Apologies for the highly controversial title, but I am sure any aficionados of science irrespective of disciplines would have found themselves at this ubiquitous crossroad at some point of their scientific career. For the fortunate ones, this might not have happened too frequently but for the ones who are constant worriers on how decisions can have a lifelong impact on themselves even beyond the scope of childhood ambitions, this dilemma seems evermore pertinent.
Perhaps, it might have been induced by the late nights spent camping out at the library whilst revising for the finals, or from another perspective, it might have been inspired by a talk from a senior or someone of a certain degree of expertise.
… and this was what exactly happened to me.
A recent conversation with a senior academic whom I have had the privilege of gaining further insights on his research direction has had the indirect consequence of making me question long and hard on my resolution in pursuing science as a career.
Long story short; a simple yet impactful question was the basis of this thought-provoking post and that was “What does science mean to you?
All I knew since young was that I have always enjoyed science in it’s raw self. even though I must admit that my interest didn’t primarily stay faithful throughout my various phases of education. But I think it would be fair enough to say that Immunology, in it’s essence, would still be what I gravitate back to regardless of circumstances.
and with this, yields another question of the century, which is; “Is it true that research is a tiring career that involves countless hours of monotonous routine laboratory and no work-life balance?” (If I may add, this question was partly inspired by some budding peers who wish to apply to Imperial for higher education!)
Well, first thing first, I will try to be as unbiased as possible given that most of my life has always revolved, or to a large extent, involved the parameter of interest (science!)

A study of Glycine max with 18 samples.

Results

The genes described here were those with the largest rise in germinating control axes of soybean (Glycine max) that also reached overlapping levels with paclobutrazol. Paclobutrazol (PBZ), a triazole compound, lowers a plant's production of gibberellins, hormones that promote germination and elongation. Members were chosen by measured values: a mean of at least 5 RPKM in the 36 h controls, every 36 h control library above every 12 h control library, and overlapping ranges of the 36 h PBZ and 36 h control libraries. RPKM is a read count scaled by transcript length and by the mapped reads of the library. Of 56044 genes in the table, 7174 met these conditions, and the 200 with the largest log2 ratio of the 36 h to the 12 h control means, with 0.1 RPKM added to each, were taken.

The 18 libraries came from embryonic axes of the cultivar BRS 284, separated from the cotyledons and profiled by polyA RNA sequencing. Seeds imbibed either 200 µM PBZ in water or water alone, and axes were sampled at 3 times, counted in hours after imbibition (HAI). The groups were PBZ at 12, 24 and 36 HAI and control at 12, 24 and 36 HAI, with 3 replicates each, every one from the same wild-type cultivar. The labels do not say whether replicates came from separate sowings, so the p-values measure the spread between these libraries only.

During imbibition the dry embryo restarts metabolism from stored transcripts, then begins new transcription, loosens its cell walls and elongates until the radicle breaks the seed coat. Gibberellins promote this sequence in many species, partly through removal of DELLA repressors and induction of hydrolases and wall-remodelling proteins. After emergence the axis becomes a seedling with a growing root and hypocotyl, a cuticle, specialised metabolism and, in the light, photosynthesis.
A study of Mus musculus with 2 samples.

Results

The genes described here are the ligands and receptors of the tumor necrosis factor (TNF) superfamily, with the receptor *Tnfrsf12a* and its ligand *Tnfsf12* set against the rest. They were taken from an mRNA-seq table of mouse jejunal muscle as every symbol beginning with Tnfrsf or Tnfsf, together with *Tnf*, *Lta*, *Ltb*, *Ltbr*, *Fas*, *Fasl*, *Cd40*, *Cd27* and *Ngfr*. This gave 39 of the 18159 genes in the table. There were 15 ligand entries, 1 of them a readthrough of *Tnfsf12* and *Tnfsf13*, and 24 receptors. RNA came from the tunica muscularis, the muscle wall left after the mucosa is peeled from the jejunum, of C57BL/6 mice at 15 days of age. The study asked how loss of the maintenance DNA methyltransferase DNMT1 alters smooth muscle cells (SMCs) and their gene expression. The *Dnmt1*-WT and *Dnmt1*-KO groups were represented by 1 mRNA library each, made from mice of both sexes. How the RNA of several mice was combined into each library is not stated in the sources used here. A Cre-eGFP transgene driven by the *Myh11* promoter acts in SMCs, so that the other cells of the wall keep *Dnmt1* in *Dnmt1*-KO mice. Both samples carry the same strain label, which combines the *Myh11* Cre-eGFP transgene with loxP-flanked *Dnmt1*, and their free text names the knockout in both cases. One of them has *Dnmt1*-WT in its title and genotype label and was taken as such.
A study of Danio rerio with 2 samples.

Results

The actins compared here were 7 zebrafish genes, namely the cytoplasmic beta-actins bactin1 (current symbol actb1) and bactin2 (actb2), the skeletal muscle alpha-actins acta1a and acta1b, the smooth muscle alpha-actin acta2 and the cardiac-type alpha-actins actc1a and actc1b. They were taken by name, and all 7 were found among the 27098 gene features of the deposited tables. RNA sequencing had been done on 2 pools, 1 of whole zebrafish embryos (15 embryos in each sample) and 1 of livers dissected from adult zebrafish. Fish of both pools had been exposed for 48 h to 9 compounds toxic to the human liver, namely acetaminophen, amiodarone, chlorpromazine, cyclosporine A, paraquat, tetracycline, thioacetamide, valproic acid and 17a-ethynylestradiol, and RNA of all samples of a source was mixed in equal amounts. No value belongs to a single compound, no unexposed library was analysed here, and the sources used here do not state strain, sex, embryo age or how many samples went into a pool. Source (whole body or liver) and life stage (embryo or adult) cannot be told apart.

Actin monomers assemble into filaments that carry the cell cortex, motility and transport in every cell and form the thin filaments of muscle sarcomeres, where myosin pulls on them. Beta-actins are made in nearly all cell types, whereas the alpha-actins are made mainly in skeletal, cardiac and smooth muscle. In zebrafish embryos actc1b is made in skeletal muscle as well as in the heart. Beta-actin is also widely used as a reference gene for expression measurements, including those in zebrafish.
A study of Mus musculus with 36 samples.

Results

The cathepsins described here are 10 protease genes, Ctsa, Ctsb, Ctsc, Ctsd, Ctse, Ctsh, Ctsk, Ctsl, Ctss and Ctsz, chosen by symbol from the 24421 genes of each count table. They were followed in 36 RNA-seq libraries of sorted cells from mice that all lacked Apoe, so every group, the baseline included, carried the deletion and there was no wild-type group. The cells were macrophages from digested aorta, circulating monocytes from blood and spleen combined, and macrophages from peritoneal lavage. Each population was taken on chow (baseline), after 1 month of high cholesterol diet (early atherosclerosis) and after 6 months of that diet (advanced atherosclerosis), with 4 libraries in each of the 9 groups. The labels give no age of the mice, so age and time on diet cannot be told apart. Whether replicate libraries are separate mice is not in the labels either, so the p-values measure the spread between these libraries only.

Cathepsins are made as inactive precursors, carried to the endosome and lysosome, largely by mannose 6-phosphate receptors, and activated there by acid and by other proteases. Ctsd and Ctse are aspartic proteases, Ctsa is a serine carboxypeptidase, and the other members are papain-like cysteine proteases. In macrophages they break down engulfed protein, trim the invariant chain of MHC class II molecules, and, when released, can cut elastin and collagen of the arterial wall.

So firstly, yes, science does require a relentless amount of commitment and TLC on a pretty regular basis, especially when you are working with models, which obviously encapsulates aspects of human variation that no one can certainly anticipate/predict with fool-proof accuracy each time. BUT (and that’s a very big one at it is), the results are often very satisfactory! Of course failures probably account for at least 90% of experimental durations but that success in the end is almost akin to reaching to the core of a tootsie pop (go try one if you have not!)
As to the absence of work-life balance when faced with impending deadlines , it’s nearly almost always attributable to time-management. Certainly, pursuing higher education was never meant to be easy, but in retrospect, the hard times have always made me appreciate the present a little bit more. I don’t suppose this would evoke any form of disagreement, but if any, I would be more than willing to carry on the discussion further.
… and with this, I would like to reiterate my point that taking breaks are beneficial (Rest your eyes!) and you never know what you might be able to capture! (Not Pokemon, unfortunately.)
The Royal Albert Hall in all it’s glamour during the evening. P.S Isn’t it gorgeous?! (Told you, taking breaks and walking around was good!)